Labour’s divided left….
A fundamental divide exists on Labour’s left between the majority which support Ed Miliband’s leadership and a tiny minority which don’t – those which have abandoned all hope of substantive real and worthwhile advance under this leadership. Typical of the somewhat rose-tinted nature of the former’s view of the world is this post by Jon Lansman on Left Futures. Speaking on the proposal that Shadow Cabinet elections be ended he argues;
Ed must put his stamp on the party. That for which he was elected. Let them demonstrate that their abilities and their commitment to the path the party chooses merit their position. And when party democracy has been restored, when the party has chosen its programme, when the party has chosen its parliamentary representatives in a democratic fashion without the corruption and nepotism of the New Labour years, than we shall argue for the reintroduction of elections by the parliamentary party not only to the shadow cabinet, but also to the cabinet.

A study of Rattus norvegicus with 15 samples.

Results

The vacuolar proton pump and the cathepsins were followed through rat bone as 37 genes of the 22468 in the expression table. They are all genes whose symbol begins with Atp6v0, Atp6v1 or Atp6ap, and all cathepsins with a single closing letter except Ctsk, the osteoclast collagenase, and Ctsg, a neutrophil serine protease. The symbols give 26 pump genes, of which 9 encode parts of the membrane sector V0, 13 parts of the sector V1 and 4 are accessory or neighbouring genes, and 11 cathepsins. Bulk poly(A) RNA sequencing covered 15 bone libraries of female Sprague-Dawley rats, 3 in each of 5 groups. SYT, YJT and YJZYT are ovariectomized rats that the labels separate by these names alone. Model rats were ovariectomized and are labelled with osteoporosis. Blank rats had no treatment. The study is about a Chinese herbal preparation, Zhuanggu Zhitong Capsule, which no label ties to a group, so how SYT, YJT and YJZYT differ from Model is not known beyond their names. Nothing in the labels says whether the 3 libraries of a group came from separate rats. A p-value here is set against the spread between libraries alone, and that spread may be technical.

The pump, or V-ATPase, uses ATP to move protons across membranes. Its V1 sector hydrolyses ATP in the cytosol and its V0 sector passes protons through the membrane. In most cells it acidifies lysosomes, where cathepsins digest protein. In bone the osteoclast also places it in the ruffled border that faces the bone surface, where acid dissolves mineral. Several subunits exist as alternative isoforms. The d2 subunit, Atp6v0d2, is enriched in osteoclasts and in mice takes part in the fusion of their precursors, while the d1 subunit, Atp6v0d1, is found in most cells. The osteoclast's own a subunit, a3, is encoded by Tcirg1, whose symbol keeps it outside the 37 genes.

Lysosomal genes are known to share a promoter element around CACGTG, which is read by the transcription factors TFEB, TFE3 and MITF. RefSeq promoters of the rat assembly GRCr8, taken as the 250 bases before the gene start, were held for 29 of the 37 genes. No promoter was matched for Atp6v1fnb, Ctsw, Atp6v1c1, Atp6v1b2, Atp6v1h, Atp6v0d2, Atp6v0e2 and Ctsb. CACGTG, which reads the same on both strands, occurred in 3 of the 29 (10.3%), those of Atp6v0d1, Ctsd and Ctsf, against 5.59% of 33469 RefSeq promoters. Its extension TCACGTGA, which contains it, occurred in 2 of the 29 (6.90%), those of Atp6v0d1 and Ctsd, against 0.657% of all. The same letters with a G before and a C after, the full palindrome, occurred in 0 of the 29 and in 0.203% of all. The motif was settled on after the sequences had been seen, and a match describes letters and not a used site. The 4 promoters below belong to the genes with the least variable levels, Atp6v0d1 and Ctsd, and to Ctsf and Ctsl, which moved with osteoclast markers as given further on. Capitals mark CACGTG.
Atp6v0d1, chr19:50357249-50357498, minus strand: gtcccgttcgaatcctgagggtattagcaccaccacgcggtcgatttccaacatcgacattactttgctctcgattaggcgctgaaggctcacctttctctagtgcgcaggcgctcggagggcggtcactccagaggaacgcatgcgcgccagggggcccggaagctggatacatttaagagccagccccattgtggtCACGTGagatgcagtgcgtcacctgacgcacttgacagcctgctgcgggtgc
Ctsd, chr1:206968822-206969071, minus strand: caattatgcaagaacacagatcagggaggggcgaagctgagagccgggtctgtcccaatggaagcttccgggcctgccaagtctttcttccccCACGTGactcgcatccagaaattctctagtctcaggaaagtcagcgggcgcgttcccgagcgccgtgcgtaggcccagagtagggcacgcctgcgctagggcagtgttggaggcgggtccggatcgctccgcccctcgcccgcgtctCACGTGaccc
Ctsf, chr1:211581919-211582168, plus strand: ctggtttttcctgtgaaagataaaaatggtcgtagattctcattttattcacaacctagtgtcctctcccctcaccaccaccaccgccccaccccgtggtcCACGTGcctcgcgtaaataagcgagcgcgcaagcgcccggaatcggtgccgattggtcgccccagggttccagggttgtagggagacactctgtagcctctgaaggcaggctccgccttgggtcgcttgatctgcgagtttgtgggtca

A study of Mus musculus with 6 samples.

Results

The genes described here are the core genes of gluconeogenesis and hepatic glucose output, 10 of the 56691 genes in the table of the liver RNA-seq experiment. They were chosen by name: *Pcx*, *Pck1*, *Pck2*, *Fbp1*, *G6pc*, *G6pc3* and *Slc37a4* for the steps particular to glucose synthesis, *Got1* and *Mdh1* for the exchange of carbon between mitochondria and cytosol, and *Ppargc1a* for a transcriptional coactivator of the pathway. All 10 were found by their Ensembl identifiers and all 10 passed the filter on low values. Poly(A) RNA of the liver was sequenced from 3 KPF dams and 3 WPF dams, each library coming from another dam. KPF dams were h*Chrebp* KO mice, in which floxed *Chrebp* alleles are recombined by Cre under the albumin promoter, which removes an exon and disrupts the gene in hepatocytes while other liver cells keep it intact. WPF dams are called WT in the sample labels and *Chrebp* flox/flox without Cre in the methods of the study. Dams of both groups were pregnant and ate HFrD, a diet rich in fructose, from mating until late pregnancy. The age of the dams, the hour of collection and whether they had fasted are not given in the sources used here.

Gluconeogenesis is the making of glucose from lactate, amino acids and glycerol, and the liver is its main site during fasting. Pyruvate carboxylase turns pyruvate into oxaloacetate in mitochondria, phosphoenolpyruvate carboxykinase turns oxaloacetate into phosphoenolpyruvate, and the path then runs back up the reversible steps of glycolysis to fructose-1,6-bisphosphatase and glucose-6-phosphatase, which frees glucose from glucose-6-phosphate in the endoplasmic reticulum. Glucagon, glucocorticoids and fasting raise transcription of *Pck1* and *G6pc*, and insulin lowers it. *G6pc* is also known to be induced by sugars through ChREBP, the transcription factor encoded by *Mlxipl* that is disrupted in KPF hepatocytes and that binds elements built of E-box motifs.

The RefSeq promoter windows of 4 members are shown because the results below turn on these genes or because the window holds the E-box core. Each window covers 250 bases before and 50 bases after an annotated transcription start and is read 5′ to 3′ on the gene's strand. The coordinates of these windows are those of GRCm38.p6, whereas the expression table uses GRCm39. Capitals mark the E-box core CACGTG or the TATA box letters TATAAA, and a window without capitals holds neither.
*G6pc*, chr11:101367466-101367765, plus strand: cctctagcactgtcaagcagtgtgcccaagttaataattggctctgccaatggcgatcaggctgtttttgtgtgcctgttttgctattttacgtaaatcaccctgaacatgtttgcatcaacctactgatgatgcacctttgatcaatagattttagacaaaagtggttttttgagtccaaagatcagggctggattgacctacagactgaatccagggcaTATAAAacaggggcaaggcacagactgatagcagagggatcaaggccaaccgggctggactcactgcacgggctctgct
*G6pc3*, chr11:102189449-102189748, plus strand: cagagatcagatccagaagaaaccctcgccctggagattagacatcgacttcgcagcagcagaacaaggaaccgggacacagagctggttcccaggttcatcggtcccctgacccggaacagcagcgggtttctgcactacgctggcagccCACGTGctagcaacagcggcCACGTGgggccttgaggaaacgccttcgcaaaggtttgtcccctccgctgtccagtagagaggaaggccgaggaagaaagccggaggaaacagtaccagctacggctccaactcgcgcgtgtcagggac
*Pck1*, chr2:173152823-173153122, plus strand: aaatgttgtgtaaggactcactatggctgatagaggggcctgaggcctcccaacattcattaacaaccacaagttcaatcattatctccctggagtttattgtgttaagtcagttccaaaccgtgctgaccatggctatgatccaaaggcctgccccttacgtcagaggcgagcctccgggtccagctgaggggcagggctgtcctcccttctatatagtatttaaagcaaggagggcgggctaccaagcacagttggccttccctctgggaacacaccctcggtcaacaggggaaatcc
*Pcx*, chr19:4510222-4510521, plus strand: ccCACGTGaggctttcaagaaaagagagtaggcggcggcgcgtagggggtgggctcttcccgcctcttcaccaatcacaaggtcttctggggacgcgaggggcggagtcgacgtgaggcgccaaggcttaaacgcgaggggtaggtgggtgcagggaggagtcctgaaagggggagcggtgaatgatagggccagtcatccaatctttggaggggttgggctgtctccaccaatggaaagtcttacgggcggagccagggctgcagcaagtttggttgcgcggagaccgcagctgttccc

Now, how a brutal centralisation of power in the hands of executive can magically lead to flowering of inner-party democracy is a bit beyond me but maybe i’m missing something hey? However, this very fuzzy thinking is typical of the leftist defenders of the leadership who conveniently ignore the fact that Ed isn’t really the closet social democrat just itching to do good that he presented himself as being during the leadership race. I happily admit to being wrong in thinking he could have been; but even I didn’t him expect to behave just quite as much like a factional leader as he has nor fall so quickly under the thrall of Blue Labour.
A day of awakening, when the majority is forced by events to confront the error of its world view will inevitably come, but in the meantime, it’s fuzzy thinking is damaging the strategic advance of Labour’s left by robbing it of it’s critical faculties and weakening it in every way.